The 1989 edition of the Oxford English Dictionary lists the word boilersuit first on 28 October 1928 in the Sunday Express newspaper. Japanese politicians have been known to use boilersuits to convey an image of preparedness.
So called because they were first worn by men maintaining coal-fired boilers. To check for steam leaks or to clean accumulated soot from inside the firebox of a steam locomotive, someone had to climb inside, through the firehole (where the coal is shovelled in).
A one-piece suit avoids the potential problem of loosened soot entering the lower half of one's clothing through the gap in the middle. As the firehole opening is only just large enough for a fit individual to negotiate, a one-piece suit also avoids the problem of the waistband snagging on the firehole as one bends to wriggle through, or of jacket tails snagging if one has to come out backwards.
Overalls made of Nomex in olive drab (and more recently, desert tan) are used by the military as flight suits.
They are form fitting coveralls with many zippered pockets, originally made of cotton treated for flame resistance,
but now made of Nomex, a flame-resistant meta-aramid material developed in the early 1960s by DuPont and first marketed in 1967.
The Tuta is the Italian coverall version by designer Thayaht, which he called "the most innovative, futuristic garment ever produced in the history of Italian fashion". It was an early example of what are now known as coveralls, intended to revolutionise fashion and create a modern and particularly Italian style.
With help from his artist brother RAM (Ruggero Alfredo Michahelles) he launched the new design in 1920, and the pattern was published by the newspaper "La Nazione" so that the TuTa became accessible to all. Intended as a practical item of clothing for everyday activities, it was instead adopted as a fad by high Florentine society.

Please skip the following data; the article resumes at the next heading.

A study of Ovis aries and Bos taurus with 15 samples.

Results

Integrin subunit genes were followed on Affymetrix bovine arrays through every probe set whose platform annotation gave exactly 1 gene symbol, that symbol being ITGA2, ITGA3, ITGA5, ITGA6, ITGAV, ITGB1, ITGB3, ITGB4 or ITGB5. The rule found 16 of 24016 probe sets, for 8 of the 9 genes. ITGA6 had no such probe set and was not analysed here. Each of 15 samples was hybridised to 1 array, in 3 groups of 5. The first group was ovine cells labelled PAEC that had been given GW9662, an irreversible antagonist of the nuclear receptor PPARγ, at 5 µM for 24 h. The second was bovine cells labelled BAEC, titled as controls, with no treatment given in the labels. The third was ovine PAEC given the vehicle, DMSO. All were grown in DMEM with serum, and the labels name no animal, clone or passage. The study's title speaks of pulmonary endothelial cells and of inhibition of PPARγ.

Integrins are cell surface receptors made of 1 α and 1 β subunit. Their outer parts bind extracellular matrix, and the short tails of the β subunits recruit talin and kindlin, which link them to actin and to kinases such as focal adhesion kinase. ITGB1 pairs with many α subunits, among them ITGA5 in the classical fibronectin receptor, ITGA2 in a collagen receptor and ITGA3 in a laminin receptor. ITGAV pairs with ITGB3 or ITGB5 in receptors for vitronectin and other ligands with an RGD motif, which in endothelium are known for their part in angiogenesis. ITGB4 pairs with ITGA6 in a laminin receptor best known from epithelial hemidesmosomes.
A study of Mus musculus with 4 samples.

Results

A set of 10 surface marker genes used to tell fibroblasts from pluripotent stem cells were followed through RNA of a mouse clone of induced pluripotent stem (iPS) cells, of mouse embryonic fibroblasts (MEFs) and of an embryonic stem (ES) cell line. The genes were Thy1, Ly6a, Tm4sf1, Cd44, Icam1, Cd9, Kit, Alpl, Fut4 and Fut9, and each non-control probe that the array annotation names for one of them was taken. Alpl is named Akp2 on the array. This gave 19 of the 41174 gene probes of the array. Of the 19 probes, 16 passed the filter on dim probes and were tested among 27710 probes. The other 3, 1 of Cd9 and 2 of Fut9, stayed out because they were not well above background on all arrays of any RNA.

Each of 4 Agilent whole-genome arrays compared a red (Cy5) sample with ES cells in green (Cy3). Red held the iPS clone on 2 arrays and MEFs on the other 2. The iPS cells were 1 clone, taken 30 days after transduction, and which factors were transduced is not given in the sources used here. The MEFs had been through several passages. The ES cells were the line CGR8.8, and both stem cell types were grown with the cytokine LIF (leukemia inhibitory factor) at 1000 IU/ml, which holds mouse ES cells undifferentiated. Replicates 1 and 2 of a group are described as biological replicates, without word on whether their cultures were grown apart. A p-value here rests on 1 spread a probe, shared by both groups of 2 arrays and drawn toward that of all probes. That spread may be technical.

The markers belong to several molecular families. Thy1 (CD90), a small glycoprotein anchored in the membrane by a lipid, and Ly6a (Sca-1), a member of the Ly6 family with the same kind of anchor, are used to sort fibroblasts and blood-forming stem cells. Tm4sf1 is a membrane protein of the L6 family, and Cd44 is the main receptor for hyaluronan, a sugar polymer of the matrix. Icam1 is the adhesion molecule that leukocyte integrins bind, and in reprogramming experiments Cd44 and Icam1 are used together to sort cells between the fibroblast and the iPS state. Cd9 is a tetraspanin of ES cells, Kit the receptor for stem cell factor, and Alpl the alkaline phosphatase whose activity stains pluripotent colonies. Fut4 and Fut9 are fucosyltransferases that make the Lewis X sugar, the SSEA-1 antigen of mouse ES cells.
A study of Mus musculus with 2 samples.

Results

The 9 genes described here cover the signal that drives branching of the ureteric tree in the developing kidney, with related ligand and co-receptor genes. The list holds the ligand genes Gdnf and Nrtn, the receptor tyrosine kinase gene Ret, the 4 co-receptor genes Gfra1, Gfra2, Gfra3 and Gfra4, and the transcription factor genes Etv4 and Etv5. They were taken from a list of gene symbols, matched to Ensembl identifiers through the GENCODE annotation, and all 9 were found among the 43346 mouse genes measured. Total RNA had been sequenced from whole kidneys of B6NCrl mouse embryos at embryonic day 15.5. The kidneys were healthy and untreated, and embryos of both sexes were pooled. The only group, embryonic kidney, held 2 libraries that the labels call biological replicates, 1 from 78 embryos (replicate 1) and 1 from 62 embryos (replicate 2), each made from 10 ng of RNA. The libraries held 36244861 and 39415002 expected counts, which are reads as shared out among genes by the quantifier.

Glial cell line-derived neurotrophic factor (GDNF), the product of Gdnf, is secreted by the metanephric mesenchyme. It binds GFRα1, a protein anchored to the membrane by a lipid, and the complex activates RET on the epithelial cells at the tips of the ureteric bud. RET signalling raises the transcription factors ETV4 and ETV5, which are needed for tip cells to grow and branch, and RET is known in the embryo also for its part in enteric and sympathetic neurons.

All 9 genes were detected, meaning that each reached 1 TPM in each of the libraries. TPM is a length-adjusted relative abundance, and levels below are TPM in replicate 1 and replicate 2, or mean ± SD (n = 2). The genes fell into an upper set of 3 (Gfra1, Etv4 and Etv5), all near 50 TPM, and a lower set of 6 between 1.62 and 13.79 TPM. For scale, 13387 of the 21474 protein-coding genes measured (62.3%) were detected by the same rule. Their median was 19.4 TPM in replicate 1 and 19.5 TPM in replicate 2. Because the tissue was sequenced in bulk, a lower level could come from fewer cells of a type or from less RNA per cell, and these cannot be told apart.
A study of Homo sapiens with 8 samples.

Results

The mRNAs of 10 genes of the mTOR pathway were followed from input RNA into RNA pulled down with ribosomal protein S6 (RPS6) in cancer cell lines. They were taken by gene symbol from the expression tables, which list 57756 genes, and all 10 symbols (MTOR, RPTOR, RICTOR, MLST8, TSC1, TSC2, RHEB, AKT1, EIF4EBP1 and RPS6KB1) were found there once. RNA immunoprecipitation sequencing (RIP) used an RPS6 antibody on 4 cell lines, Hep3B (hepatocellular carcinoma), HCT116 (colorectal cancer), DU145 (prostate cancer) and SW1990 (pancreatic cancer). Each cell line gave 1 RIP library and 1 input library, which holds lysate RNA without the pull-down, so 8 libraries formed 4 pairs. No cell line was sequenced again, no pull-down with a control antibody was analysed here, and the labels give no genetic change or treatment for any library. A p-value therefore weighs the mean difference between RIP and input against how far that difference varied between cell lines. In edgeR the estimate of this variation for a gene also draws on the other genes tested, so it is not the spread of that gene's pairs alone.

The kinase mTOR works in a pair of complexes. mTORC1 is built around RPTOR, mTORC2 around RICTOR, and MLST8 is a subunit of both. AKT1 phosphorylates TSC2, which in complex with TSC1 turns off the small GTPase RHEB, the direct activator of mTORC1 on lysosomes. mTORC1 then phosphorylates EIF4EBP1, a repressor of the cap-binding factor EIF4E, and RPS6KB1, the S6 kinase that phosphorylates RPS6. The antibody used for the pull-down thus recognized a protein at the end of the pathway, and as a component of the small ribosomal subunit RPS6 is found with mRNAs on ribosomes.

Overalls called "student boilersuits" are used by university students in some Nordic countries as a sort of party-uniform, especially for pool parties, with insignia on the back and colour varying with programme and university.
Overalls are a huge part of Finnish student tradition and you can see students all around the city wearing overalls in different coulours. Different faculties and subject organizations at the university have their own colours.
Students get overall patches from parties and events that they participate in and sew them onto their overalls, so no two overalls look exactly the same.
There are some national events where all students wear their overalls, the most important ones being Laskiainen in February and Vappu (the biggest student event of the year) in May.
Different student associations also have their own overall parties during the year, pool parties being the most popular.
There are some traditions connected with overalls, such as never washing them.
You're only allowed to wash it if you're wearing it,
hence the pool parties which may start with a big soap lathering in the showers.